The 2014 Man Booker Prize longlist was announced today. Among the 13 selections, four were written by American writers, including To Rise Again at a Decent Hour by Joshua Ferris and Orfeo by Richard Powers. The longlist will be pared down to a six-title shortlist, to be announced on September 9. The winner will be chosen in October.
This year's prize marks the first to admit titles from any country in the world -- the only stipulations being that the book was originally written in English and published in the U.K. Previously, entrants had to be from Britain, a British Commonwealth nation, Ireland or Zimbabwe.
Of this year's nominees, only one hails from the Commonwealth: Australian writer Richard Flanagan, for his book The Narrow Road to the Deep North. Two Irish writers are among those chosen -- the remainder are citizens or the U.S. or Great Britain. In comparison, 2013's longlist included authors from Zimbabwe, Malaysia, New Zealand, Canada and Australia.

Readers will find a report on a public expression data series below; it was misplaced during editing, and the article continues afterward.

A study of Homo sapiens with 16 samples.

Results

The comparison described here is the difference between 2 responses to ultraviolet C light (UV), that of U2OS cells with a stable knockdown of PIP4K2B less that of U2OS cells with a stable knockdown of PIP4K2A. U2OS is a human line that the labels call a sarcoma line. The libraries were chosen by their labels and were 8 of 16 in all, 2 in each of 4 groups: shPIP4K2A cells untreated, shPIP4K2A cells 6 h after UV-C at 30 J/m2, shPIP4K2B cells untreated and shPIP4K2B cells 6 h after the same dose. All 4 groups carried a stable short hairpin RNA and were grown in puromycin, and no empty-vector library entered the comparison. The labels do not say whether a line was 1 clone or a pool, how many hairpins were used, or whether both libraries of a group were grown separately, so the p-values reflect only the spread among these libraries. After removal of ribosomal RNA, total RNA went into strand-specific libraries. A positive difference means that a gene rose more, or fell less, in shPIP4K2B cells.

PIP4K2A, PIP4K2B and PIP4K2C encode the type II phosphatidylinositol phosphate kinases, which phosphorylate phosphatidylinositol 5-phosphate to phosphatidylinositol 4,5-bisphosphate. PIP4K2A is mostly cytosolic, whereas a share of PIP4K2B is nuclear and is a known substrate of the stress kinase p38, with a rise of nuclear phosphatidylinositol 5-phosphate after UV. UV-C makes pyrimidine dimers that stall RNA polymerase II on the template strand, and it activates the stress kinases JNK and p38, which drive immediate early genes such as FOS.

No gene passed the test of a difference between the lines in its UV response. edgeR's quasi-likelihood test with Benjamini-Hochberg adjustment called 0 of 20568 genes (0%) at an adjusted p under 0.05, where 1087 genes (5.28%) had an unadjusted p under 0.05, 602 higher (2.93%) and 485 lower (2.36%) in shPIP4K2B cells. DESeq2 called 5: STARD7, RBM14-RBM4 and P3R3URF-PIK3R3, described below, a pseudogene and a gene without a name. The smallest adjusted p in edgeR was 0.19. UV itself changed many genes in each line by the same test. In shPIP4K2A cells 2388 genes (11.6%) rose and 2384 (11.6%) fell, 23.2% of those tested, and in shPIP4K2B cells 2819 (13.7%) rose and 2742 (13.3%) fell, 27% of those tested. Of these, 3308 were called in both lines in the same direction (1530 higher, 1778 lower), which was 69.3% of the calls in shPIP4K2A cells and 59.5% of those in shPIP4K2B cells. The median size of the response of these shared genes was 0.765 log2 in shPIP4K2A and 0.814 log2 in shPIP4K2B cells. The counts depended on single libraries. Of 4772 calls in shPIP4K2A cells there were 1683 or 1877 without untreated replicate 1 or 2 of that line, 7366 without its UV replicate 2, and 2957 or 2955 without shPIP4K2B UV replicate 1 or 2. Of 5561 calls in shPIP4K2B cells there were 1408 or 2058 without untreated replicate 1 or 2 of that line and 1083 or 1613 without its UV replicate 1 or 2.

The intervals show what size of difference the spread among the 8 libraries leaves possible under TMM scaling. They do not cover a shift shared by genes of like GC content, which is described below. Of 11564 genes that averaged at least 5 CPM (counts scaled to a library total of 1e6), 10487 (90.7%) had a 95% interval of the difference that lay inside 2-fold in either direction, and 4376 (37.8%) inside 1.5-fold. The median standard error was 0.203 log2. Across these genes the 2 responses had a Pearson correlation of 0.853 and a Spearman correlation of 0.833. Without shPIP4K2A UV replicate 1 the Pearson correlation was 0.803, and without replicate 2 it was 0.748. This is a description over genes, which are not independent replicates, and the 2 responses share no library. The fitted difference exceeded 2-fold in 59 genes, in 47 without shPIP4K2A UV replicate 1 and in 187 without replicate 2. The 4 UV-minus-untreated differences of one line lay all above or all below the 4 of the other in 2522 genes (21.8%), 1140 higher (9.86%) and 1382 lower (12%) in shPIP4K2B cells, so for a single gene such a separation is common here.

The decision to allow submissions from across the globe was a polarizing one at the time of its announcement. British authors questioned whether the prize would be able to maintain its "character" and ability to shed light on lesser-known domestic talents. However, last year's winner, 28-year-old Eleanor Catton, was quoted on the Booker's site: "I think it's a really great thing that finally we've got a prize that is an English-language prize that doesn't make a distinction for writers who are writing from a particular country."
Ian McEwan, Martin Amis and Donna Tartt, whose The Goldfinch recently earned her a Pulitzer Prize, are among the list's notable exclusions. Additionally, only three of the nominees are women.
The prize's chair, philosopher AC Grayling, commented: "We said to ourselves, 'the past record is not going to count.' We are not going to give a prize to someone who should have got it years ago. We are just looking at the quality of the books by themselves."